The Importance of Social Interaction to Human Health

September 16, 2018  

By Céline Roi, Health Promoter at Chigamik

Socialization is an important predictor in determining your health and longevity. In fact, a recent study in the Journal of Health and Behavior states that social integration is the number one factor in determining your mental and physical health, followed by factors such as tobacco use, alcohol use, and diet, among others. In a similar study, breast cancer patients were monitored to evaluate the impact of social support on survival outcome, accounting for different factors. The results indicated that women battling breast cancer were 4 times more likely to survive if they had a good social group as oppose to the ones that didn’t have this advantage. According to the National Institute of Health, social interaction helps relieve and decrease stress levels, which calms the nerves and helps boost the immune system, leading to better biological outcomes.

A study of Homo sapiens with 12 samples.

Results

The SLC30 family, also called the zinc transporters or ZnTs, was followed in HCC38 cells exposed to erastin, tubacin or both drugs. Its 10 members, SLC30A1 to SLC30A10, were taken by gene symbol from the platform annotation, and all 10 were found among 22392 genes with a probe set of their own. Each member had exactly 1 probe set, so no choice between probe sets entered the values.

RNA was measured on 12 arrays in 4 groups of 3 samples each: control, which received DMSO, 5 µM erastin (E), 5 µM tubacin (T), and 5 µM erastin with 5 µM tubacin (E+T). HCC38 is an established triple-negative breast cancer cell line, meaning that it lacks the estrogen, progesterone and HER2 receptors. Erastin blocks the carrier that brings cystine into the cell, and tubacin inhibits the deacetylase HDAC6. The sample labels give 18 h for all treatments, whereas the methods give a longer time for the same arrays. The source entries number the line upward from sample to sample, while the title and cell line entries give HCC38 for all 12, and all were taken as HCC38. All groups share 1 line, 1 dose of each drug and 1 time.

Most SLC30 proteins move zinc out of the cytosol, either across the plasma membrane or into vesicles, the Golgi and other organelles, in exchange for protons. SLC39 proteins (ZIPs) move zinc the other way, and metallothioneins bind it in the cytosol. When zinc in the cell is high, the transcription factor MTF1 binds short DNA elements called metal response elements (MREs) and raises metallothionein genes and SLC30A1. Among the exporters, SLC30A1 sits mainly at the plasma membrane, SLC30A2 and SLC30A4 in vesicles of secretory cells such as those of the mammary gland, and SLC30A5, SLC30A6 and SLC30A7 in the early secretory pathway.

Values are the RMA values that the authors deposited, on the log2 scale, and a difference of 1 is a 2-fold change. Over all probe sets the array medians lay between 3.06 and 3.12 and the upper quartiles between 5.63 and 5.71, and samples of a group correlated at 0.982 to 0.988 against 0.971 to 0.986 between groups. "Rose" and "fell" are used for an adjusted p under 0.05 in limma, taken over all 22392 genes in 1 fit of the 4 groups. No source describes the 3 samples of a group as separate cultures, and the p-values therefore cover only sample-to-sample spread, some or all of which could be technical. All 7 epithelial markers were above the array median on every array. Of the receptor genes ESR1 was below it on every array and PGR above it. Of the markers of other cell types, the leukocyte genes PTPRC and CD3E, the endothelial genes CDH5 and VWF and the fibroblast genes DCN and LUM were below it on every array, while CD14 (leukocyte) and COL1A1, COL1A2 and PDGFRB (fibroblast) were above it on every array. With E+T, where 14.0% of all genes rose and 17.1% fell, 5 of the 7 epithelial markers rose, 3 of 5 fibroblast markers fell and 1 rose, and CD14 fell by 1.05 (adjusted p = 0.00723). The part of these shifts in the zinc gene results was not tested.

Socialization can also lower the risk of cardiovascular disease by decreasing cortisol levels, a stress hormone, in the bloodstream that can also contribute to bone density loss, increase the risk of depression, and limit the ability to cope with stressful situations. Furthermore, social interaction can help lower blood pressure, which decreases blood clots in arteries and decrease the weakening and narrowing of blood vessels that can be caused by high blood pressure and hypertension, and therefore, reducing the potential for stroke and heart disease. But evidently, social integration create a sense of inclusion and acceptance, which helps produce neurotransmitters that contribute to your well-being and happiness. Despite social media efforts to facilitate socialization opportunities, it is estimated that 1 out of 5 Canadians are socially deprived, which negatively impacts mental and physical health.

Culture is an important aspect of health because language, having a sense of community, and lifestyle traditions play a vital role in an individual’s positive behavior, which precludes illnesses by incorporating a sense of belonging. Chigamik provides a variety of free, social programs, culturally adapted to our priority population; Francophones, First Nations, Métis and Inuit, in addition to Anglophone health programs. Please see our program guide for more details.